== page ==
Thursday, February 13, 2014

Burying the Hatchet

by Allison Pang

I'm writing this a day early because forecasters are predicting a major snowstorm for the East Coast - so it's entirely possible by the time you're reading this I'll be without power and buried under a whole heap of the white stuff. (For whatever reason, my house loses power on a fairly regular basis - when anything falls out of the sky for an extended period of time, all bets are off.)

At any rate, I want to focus on the phrase "bury the hatchet."  I think most people would recognize that it means to let bygones be bygones - usually in conjunction with another party. (Unless, you're a bit like me at times aka  "I'll bury the hatchet, all right. In your thick skull!")

But I was curious as to its origins - and as it turns out, burying the hatchet is a Native American phrase - specifically that of the Iroquois. Burying the hatchet was just that - a literal ceremony in which burying one's weapons in the ground symbolized peace.

Straight Dope has a good piece written up about it here - but here's a bit of the article directly:

Though the practice was familiar early on, the exact phrase "bury the hatchet" didn't crop up until 1753. On September 18th of that year, the Lord Commissioners of Trade and the Plantations in London wrote a letter to the Governor of Maryland that reads, "His Majesty having been pleased to order a Sum of Money to be Issued for Presents to the Six Nations of Indians [the Iroquois] and to direct his Governour of New York to hold an Interview with them for Delivering those presents [and] for Burying the Hatchet ..."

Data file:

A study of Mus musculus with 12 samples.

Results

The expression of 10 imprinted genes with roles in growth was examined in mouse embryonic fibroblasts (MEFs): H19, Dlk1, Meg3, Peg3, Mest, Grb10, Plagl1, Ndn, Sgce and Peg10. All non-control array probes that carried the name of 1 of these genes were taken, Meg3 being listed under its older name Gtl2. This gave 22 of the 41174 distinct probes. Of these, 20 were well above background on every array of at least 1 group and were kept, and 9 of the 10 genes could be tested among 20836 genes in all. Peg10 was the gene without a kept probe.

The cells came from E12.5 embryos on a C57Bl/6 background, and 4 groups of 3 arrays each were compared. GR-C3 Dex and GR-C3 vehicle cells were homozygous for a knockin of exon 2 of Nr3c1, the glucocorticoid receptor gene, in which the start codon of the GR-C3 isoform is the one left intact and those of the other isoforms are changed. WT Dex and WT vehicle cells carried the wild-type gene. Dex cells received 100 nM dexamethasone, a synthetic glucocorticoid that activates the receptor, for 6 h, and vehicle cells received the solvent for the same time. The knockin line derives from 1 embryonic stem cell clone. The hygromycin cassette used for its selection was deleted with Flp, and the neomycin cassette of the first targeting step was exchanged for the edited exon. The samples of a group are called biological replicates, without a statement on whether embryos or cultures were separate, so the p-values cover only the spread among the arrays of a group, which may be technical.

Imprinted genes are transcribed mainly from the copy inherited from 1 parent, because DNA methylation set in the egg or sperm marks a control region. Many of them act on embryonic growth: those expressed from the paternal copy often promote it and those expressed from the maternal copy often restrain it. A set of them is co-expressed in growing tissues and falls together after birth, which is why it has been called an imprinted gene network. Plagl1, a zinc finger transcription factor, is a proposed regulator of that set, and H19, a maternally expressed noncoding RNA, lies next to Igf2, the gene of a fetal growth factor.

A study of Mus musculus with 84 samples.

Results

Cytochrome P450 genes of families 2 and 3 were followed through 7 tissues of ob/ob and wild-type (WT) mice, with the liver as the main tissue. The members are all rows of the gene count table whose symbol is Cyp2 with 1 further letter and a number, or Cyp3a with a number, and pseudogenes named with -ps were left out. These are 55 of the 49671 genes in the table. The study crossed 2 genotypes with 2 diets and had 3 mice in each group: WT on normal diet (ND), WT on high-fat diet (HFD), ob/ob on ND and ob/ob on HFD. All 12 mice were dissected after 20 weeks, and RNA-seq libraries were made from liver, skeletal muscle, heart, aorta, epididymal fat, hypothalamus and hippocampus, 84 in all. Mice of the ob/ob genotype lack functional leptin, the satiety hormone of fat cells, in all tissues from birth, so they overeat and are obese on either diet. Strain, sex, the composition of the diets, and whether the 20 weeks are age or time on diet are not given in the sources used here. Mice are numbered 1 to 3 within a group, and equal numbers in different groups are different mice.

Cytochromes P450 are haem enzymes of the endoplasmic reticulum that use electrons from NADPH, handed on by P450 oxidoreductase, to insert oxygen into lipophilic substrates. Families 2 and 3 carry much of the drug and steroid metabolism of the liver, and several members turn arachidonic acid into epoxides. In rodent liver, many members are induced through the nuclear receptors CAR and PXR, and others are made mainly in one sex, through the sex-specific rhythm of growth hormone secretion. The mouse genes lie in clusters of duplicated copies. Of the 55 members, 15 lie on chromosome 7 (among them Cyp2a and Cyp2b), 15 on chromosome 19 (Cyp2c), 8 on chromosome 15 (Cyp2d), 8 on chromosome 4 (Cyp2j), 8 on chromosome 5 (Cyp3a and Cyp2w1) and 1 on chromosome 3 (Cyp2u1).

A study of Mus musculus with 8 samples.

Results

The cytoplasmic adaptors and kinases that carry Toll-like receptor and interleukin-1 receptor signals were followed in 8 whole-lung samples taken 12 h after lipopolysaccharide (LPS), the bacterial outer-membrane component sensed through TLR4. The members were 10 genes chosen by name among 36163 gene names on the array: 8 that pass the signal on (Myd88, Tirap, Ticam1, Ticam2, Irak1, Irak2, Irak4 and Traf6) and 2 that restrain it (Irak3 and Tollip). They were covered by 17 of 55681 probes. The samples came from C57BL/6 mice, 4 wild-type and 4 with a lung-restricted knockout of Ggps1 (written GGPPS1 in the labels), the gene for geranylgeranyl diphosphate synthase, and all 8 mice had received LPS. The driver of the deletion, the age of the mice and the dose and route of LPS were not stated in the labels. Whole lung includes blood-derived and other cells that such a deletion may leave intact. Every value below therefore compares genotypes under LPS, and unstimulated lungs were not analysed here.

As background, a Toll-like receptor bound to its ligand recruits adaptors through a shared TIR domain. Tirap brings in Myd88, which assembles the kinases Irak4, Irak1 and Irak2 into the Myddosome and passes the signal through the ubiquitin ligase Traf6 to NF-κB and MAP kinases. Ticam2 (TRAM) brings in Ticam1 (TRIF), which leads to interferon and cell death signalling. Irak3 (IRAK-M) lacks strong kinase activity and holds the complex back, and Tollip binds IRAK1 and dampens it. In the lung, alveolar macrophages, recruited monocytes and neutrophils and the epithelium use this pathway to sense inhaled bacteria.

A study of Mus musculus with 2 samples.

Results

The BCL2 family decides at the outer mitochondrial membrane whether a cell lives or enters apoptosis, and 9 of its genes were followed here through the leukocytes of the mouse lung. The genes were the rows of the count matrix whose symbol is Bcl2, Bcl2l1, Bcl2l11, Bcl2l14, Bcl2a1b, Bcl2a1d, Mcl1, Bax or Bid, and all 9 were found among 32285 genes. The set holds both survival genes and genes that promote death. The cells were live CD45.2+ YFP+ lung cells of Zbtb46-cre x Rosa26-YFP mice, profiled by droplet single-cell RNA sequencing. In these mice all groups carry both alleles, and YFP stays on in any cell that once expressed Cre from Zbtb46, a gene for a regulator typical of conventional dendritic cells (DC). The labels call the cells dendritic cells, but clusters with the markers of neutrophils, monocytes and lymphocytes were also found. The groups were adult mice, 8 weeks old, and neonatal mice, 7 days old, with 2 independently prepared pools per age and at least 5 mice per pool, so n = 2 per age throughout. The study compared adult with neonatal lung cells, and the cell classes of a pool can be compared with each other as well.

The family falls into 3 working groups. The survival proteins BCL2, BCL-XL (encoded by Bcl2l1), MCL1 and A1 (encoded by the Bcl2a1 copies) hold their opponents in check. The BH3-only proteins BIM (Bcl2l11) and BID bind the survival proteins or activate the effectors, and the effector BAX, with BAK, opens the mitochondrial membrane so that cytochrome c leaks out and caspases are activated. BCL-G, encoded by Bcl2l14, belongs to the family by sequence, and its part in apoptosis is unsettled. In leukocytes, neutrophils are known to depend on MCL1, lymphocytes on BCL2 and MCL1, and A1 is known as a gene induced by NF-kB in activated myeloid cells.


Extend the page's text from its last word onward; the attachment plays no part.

Non-Iroquois tribes were practicing the ceremony by the end of the French and Indian War. In 1761, after the French surrendered Canada, their traditional allies the Micmac (an Algonquian people) buried the hatchet with the British. In the decades after American independence, Congress buried the hatchet with several tribes, many of which (like the Chickasaw) were not Iroquoian.

The opposite of burying the hatchet is taking it up, which occurs in English as early as 1694. Variants include "dig up," "raise," etc. But these war-making phrases are now much more rare than "bury the hatchet."

I don't think I've ever heard of "raising the hatchet"  - doesn't quite have the same ring to it, I guess - though the connotation is interesting to me, because it sort of lends itself to the idea that peace doesn't have to be permanent. From a story perspective, it makes for some really great imagery.